As clichéd as it may sound, I have always been (very unashamedly) one of those girls who loves being comfortably couched in front of a good old-fashioned-so-smoochy-it-makes-your-face-feel-fuzzy romantic comedy. In my eyes, the chick-ier the flick, well, the better. So, when the media company I work for presented me with the (not so optional) opportunity to preview a film that would appeal more to the sophisticated cinema nouveau appreciator of foreign film, I have to be entirely honest..I wasn’t particularly elated. That being said, work responsibility overruled my personal preference and with pop corn in hand, I watched “HOME”.
Now, upon the completion of the opening titles, I learnt very quickly that “HOME” isn’t exactly your standard artsy cinema nouveau candidate. No. Written for and acted by the Deaf, “HOME” is a 60 minute feature film performed entirely in sign language. For those who are now wondering if I am deaf, I hate to disappoint, but I am not. So, how did this self confessed RomCom-aholic manage to understand this beautifully expressive, yet alien language with its very own complex grammar and structure you may ask? Well, here comes the nifty part. The “HOME” audience is broad. Through subtitles, both the hearing and the Deaf can for the first time ever, watch and enjoy a movie together.
The very first of its kind in South Africa, CVC MEDIA, were approached by a local Deaf organization seeking to spread a message of hope to the Deaf community, and together the brain child was born and the rest is well, as they say, history. As a curious individual who seeks out the ‘WHY?’ with pretty much everything, I decided to do a little research of my own. I mean, why would an organization invest a lot of time and effort into a medium which for all intents and purposes is extremely dependent on epic music scores and the well executed one liner? Imagine “The Terminator” without Arnie’s “I’ll be back!”. Hello, point made! So, with that in mind, I went on a mission to educate myself about this socio-economic group, which to my surprise and quite frankly now my disgust, is a very overlooked people group in our nation. There are 600,000 ‘recorded’ Deaf, ‘sign language speaking’ people in South Africa. This statistic, although sizeable isn’t necessarily accurate. Statistics of the Deaf have been skewed by many individuals’ inability to complete national census forms or parents of Deaf children never officially registering their children as Deaf. As a result many precious lives have been marginalized. Particularly in the world of media. A world that the ‘hearing’ among us are constantly over stimulated by and I know, for one, take it for granted every single day. And so, enter “HOME”.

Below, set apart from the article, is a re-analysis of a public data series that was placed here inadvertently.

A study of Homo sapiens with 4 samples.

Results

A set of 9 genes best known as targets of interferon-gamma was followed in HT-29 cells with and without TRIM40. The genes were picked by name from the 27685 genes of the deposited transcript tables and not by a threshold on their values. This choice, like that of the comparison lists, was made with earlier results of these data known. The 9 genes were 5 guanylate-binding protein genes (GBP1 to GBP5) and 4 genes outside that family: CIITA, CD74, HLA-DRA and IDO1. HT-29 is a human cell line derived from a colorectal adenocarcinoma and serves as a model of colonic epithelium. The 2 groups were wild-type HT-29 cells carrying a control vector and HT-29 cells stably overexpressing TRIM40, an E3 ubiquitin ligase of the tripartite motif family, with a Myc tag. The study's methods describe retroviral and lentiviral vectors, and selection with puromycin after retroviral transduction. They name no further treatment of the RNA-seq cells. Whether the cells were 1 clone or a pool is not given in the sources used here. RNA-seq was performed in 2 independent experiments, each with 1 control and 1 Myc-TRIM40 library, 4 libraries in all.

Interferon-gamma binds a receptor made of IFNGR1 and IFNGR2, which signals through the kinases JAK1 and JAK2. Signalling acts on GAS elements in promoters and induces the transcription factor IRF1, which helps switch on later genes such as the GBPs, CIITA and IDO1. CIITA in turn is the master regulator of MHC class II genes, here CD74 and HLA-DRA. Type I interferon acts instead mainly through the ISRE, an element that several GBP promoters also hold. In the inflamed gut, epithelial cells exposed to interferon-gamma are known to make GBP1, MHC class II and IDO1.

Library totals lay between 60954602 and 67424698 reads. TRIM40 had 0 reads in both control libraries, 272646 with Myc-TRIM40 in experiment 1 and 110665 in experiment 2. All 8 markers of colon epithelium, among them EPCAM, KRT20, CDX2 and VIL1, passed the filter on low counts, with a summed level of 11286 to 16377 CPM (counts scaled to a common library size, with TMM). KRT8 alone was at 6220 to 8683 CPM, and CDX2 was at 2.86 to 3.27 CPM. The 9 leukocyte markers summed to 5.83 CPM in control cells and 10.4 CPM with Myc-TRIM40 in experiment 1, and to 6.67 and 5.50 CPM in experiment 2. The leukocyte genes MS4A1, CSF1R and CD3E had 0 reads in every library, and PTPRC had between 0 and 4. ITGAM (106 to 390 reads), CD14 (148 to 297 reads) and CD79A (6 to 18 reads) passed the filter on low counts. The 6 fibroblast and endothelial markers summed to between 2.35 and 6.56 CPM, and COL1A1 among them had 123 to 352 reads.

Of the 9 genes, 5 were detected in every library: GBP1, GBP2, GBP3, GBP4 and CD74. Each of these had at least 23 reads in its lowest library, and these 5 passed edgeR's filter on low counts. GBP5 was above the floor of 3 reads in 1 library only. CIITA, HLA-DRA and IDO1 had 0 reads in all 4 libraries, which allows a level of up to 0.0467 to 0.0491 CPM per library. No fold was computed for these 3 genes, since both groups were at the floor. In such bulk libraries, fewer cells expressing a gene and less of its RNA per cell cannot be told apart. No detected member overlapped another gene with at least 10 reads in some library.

Now, if you’re sitting there reading this, able to hear the dull sound of traffic on the street outside or the quiet constant murmur of your computer, please don’t mistake my intention if you think this is some kind of fact packed guilt trip. No, indeed, it is rather the opposite. “HOME” is a Deaf movie that speaks volumes for inclusivity, offers hope, leaving no room for discrimination. Furthermore, and to my (sorry to say) astonishment, the plot, which is based on a biblical story, is powerfully portrayed by the actors. Without any audible spoken word and minimal background music (included for the hearing audience), it deals with issues surrounding family and the beauty of forgiveness in the midst of struggle. This film is a ‘story teller’ with an impactful plot that relates to our humanity without any prejudice toward the viewer.
So, with all that said… intrigued much? Well, “HOME” is launching nationwide in a local church near you during the weekend of May 24th– 26th 2013. If at first glance, you, like me, would have said this isn’t your cup of tea, well I challenge you to think a little differently and take a look. I’m not going to pretend to be any less the loved up RomCom fan, but I have learnt something valuable, not only from the movie’s message but also through daring to embrace that which is different, you can sometimes be pleasantly surprised. I do wonder if we could all learn to celebrate and support the things that fall outside of our usual tastes, preference and even prejudices,and experience what life looks like for those who have previously been excluded and disqualified. I’m daring to think that this is possible. Perhaps “HOME”, being released as a ‘first’, needn’t be a ‘last’? I guess that choice is ours.